This painting depicts a unique vision of Our Blessed Lady, the Mother Mary. An exquisite portrait, the Madonna's dress and cloak are richly highlighted with gold leaf, an indicative of the artists of the Cusco School of Painting. Hands clasped together close to her heart, she stands against a typical Andean landscape. There are subtle high-relief details, with purpurina (Gold Leaf) being used to accentuate finishing touches.
This painting is oil on canvas and measures 16 x 24 inches. It is not stretched, and was painted after the year 2000. It will be mailed in a hard tube.
The history of the Peruvian painting has its origins at the colonial era. The Spanish painters who arrived at the Viceroyalty of Peru taught their techniques to the local artists, and they began to shape on linen cloths their own representations, creating a new iconographic interpretation of the Peruvian reality. The Catholic divinities were adapted to indigenous sensitivity and given a singular representation that had its maxim expression in the "School of Cusco Painting" ( La Escuela Cusqueña), during centuries XVII and XVIII.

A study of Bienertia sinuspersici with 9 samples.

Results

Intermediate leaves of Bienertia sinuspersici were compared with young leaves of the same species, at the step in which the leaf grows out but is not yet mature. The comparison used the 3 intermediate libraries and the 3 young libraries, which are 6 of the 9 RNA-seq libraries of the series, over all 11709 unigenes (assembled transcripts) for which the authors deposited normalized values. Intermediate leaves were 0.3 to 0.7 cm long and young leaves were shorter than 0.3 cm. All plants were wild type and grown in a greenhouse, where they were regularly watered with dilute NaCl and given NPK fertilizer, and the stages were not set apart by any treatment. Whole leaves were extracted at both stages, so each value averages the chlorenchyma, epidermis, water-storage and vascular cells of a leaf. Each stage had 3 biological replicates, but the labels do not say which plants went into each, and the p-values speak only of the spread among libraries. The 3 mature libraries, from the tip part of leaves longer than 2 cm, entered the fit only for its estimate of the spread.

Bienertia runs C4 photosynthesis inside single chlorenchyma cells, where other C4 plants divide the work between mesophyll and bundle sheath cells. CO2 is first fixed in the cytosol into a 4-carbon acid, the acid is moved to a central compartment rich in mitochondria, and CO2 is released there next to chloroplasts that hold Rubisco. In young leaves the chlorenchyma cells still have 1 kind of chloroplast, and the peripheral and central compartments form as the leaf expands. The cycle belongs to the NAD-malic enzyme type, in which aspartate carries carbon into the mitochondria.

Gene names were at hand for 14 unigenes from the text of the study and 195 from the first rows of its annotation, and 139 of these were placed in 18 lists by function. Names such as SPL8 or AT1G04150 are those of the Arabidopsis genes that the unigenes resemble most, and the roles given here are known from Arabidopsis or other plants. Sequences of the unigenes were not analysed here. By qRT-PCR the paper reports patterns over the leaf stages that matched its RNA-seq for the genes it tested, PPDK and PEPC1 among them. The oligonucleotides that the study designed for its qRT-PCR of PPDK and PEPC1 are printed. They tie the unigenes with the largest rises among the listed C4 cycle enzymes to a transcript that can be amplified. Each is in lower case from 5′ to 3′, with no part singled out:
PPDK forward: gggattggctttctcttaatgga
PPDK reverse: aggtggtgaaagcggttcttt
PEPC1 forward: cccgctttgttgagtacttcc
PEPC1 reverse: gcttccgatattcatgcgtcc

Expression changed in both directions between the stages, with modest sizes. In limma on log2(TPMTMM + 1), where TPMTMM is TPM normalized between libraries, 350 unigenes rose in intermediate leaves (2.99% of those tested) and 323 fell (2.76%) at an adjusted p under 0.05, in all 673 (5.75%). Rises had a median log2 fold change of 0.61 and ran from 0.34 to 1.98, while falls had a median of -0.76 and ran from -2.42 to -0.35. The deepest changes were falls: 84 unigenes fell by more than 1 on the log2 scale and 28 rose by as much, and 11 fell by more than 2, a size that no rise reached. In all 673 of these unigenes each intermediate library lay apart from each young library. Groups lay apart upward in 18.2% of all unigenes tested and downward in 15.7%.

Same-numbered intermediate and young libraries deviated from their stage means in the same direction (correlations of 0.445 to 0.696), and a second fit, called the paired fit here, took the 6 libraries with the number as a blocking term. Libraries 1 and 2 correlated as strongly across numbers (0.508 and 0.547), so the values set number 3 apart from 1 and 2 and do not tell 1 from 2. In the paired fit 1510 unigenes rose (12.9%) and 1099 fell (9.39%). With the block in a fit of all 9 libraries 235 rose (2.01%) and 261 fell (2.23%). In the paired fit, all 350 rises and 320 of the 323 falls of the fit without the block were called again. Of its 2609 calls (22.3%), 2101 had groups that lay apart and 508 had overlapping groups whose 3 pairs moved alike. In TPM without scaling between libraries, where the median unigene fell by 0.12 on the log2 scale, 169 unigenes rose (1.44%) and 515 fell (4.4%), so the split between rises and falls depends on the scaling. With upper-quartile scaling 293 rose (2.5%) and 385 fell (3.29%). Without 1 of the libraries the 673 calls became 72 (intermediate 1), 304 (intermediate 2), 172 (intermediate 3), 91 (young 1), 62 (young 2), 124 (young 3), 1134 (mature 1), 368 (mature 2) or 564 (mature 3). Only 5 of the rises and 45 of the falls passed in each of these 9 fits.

This painting has been done in the style of the works of La Escuela Cusqueña, the history of which is traced to the 17th century. Originally influenced by Spanish and Italian artists, this school was commissioned to paint sacred art in churches and monasteries throughout the Peruvian city of Cusco after the area was devastated by an earthquake in 1650. The collected efforts of numerous artists gradually evolved into a unique yet harmonious and consistent style, devoid of individualism. These paintings are usually not signed, but represent traditional depictions of the religious subjects most important to the local indigenous and Hispanic populations.